Investigation of Phase Morphology for E-spun Fibers Composed of Polybutadiene and Polycarbonates
Figure 1. Topography information in Non-Contact AFM taken by XE-150 (50 μm scan size)
Electrospinning techniques are capable of producing polymer fibers in the nanometer scale. Polymer blends offer the potential to prepare new materials for use in a variety of applications. The focus of this investigation has been primarily on the phase morphology of the fiber surface.
A large-scan (50 μm × 50 μm) view of an e-spun fiber is shown in Figure 1. There were a few bead formations along the length of the fiber. Figure 2 (a) shows the TEM images of polybutadiene (PB) / polycarbonate (PC) blends with weight ratios of 75/:25 after staining. The dark regions in the TEM images are identified as the PB phase and the light regions show the PC phase.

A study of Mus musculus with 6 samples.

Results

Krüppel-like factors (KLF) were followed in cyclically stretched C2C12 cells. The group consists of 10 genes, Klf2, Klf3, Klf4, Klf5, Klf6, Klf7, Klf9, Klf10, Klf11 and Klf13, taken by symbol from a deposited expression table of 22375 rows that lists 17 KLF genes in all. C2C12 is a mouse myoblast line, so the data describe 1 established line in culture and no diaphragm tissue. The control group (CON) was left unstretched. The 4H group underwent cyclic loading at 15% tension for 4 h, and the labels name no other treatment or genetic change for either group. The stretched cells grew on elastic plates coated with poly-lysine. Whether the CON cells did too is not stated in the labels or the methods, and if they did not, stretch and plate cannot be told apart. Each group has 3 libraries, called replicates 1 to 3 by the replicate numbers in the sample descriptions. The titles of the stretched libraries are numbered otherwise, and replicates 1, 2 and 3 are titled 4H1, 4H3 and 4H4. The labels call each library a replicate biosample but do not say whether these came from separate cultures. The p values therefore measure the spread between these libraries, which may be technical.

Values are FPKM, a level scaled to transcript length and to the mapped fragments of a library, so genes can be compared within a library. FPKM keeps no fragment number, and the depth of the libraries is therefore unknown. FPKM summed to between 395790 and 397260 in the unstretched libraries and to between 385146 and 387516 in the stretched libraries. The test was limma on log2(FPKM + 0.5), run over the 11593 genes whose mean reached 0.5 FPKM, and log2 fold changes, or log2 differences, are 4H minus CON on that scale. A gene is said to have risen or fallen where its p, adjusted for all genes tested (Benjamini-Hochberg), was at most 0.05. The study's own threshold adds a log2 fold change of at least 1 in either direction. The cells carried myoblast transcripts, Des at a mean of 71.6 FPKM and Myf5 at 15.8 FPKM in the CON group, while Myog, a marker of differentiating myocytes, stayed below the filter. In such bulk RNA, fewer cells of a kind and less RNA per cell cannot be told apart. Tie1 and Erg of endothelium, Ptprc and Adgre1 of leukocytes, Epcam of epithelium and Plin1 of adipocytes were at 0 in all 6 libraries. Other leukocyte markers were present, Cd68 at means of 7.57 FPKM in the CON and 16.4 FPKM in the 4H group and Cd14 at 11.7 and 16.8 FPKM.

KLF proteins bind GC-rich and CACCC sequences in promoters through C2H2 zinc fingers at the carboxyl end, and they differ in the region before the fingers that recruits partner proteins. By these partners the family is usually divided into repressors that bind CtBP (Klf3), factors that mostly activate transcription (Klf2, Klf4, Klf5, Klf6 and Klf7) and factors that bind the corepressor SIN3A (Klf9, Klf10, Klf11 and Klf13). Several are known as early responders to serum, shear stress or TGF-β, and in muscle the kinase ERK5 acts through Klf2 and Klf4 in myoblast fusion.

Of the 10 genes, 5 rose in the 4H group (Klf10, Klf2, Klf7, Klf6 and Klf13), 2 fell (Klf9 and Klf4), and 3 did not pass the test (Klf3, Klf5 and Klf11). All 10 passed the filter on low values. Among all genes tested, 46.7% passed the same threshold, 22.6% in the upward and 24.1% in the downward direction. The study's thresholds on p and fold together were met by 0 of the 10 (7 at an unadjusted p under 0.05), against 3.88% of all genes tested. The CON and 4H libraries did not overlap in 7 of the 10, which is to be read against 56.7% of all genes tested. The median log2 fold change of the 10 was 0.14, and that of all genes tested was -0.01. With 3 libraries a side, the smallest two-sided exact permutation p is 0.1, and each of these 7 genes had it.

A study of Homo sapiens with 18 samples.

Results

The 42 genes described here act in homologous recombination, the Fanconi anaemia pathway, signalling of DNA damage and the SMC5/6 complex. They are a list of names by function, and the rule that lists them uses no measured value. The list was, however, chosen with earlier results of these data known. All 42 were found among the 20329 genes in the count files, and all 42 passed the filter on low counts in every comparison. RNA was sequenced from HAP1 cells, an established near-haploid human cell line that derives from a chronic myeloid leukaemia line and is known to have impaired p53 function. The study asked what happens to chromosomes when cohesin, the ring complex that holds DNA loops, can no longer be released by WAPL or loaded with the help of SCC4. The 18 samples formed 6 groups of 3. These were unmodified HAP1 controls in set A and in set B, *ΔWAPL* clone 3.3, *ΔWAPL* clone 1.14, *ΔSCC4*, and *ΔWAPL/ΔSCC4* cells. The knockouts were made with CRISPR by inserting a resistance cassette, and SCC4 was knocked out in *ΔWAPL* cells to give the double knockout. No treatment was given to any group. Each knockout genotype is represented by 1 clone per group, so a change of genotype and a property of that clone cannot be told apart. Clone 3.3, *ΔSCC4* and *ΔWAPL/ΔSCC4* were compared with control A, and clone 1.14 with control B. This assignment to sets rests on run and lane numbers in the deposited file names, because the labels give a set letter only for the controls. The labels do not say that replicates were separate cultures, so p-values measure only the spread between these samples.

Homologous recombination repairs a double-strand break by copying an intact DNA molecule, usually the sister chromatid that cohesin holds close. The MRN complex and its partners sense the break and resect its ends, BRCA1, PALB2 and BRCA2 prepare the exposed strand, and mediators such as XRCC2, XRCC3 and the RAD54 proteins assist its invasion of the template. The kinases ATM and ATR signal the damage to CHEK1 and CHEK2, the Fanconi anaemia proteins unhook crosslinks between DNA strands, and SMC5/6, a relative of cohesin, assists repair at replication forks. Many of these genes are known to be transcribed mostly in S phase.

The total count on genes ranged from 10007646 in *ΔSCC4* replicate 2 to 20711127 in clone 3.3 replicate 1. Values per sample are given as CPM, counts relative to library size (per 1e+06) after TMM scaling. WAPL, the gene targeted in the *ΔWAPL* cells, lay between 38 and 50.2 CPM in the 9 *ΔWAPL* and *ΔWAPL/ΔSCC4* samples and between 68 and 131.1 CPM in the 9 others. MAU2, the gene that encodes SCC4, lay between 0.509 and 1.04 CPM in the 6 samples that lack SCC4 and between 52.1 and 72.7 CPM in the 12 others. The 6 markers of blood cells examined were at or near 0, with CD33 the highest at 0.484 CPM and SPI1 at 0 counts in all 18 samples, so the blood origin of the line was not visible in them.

An electro-spun fiber was scanned in Non-Contact AFM and the resulting image is shown in Figure 2 (b). The features on the fiber surface were examined using the high performance XE-series AFM.
Figure 2. (a) TEM image and (b) AFM topography (6x6μm) and profile for e-spun fiber. Courtesy of Dr. Jun Seok Lee, Bongwoo Kang, and Prof. Changmo Sung, Univ. of Mass., Lowell.
Figure 3. (a) Topography, (b) Amplitude, and (c) Phase of Dynamic Force mode AFM (2 μm scan size).
Dynamic Force Microscopy (DFM) can remove the contribution from lateral frictional force. For this circular type of sample, e.g. fiber, DFM is helpful to avoid tip slippage on the sample surface. It produces three types of information: topography, amplitude, and phase, as shown in Figure 3. The phase image in this mode is created by the feedback received from angular shifts as compared with amplitude detection from the magnitude of the cantilever deflection.